It’s this very last point that is the most interesting out of all the changes the industry has seen in this gen, the success of the little guy that without bloated budgets or hundreds of people still manage to offer games that overshadow their high cost counterparts.
Their victory is not the result of a demonic pact or passing fad, it’s something that has been prevalent on every critically and commercially successful game (with some exceptions) in history: passion, dedication, the through exploitation of a single brilliant idea, quality and proper execution, which ironically, is something that save for a few big studios seems to have been gradually lost in favor of shinier coats of graphics paint. Don’t get me wrong, I’m not saying that big budget games have traded style for substance. What I’m saying is that the true big budget victors have the aforementioned qualities present at their core along with their cool looks, I’m talking about those games that didn’t conform to the norm, that took a step further out of conventions and that are rightfully deserving of success because of that.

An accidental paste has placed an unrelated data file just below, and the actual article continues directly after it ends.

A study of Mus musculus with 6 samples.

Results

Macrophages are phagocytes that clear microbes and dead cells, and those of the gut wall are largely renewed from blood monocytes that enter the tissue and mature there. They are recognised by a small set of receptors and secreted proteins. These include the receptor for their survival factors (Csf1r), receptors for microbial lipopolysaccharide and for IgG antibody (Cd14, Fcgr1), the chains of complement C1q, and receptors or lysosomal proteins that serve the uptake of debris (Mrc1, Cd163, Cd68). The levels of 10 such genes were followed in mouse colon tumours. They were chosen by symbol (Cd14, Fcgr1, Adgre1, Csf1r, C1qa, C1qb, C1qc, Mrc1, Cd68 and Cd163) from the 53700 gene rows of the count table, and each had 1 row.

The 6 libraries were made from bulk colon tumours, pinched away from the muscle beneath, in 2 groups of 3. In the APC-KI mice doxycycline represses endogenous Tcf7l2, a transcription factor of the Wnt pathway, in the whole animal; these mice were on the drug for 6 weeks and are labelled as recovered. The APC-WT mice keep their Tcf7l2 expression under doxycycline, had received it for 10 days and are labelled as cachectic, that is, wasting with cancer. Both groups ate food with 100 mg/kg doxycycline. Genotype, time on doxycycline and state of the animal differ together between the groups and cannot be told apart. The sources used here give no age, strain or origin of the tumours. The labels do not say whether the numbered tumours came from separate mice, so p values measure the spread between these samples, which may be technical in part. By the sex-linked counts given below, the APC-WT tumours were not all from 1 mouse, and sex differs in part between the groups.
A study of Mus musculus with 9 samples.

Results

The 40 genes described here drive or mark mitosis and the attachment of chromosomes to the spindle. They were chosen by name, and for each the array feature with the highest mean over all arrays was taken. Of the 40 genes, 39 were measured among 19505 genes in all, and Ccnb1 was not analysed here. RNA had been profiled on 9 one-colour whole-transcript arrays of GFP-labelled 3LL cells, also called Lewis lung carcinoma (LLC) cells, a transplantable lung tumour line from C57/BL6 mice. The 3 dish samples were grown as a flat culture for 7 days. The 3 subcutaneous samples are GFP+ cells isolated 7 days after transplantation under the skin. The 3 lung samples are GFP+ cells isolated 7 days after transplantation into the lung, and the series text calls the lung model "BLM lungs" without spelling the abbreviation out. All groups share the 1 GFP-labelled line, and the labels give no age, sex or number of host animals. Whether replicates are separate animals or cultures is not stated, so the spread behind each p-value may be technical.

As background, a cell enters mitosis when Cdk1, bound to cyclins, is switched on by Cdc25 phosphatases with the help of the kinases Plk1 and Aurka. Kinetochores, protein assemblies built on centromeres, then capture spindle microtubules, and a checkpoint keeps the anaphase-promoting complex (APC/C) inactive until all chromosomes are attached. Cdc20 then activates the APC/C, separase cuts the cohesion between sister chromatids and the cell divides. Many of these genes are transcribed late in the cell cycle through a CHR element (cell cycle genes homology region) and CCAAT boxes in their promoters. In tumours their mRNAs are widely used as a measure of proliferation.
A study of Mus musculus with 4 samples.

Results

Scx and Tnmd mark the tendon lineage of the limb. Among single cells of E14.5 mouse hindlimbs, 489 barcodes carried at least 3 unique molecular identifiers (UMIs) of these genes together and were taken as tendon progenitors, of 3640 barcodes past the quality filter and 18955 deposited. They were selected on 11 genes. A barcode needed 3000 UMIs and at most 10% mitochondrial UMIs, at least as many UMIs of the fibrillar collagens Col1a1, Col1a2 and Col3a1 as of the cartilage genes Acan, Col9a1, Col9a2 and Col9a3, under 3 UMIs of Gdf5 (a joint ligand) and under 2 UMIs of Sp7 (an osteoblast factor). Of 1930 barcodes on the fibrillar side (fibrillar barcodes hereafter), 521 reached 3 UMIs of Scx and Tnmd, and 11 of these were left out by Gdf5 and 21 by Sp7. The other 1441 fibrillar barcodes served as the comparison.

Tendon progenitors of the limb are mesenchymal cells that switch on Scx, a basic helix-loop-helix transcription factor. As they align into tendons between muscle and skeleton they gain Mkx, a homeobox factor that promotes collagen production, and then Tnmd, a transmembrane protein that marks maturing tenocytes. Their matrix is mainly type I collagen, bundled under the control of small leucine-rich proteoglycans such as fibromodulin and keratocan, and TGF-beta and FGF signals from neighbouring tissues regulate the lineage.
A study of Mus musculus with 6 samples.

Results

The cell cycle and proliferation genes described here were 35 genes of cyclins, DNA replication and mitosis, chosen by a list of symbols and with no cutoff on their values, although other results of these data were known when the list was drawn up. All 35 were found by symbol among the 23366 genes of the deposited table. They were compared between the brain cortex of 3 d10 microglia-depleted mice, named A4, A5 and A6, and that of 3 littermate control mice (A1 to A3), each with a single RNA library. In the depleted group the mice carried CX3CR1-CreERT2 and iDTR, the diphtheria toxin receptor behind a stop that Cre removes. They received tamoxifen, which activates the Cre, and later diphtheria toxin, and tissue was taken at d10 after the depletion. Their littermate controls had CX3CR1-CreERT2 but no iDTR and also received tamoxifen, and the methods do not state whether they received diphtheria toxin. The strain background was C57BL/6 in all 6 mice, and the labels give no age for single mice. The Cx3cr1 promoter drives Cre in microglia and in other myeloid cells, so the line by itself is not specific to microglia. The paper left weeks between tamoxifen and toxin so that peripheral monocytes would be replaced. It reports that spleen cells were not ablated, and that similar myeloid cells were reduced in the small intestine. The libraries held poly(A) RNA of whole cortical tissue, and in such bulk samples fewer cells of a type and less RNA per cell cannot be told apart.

So what was different this time around? Yes, “casual” games and shovelware but that’s not a valid answer for cores. Virtual Console and Wiiware is the answer. The "Davids" that without much resources but burning with creativity and passion could hold the cores attention between the few successful (and quite a bunch of failed) "Goliaths", like World of Goo, Nyx Quest, Mega Man 9, Lost Winds, Swords & Soldiers and the plethora of old classics periodically released in small amounts in the VC that appealed to nostalgia in the hardcore audience.
This promoted blog was written for our April Monthly Musing assignment, "E For Effort." You too could get promoted if you write something about games you hate but respect over on the Community Blogs.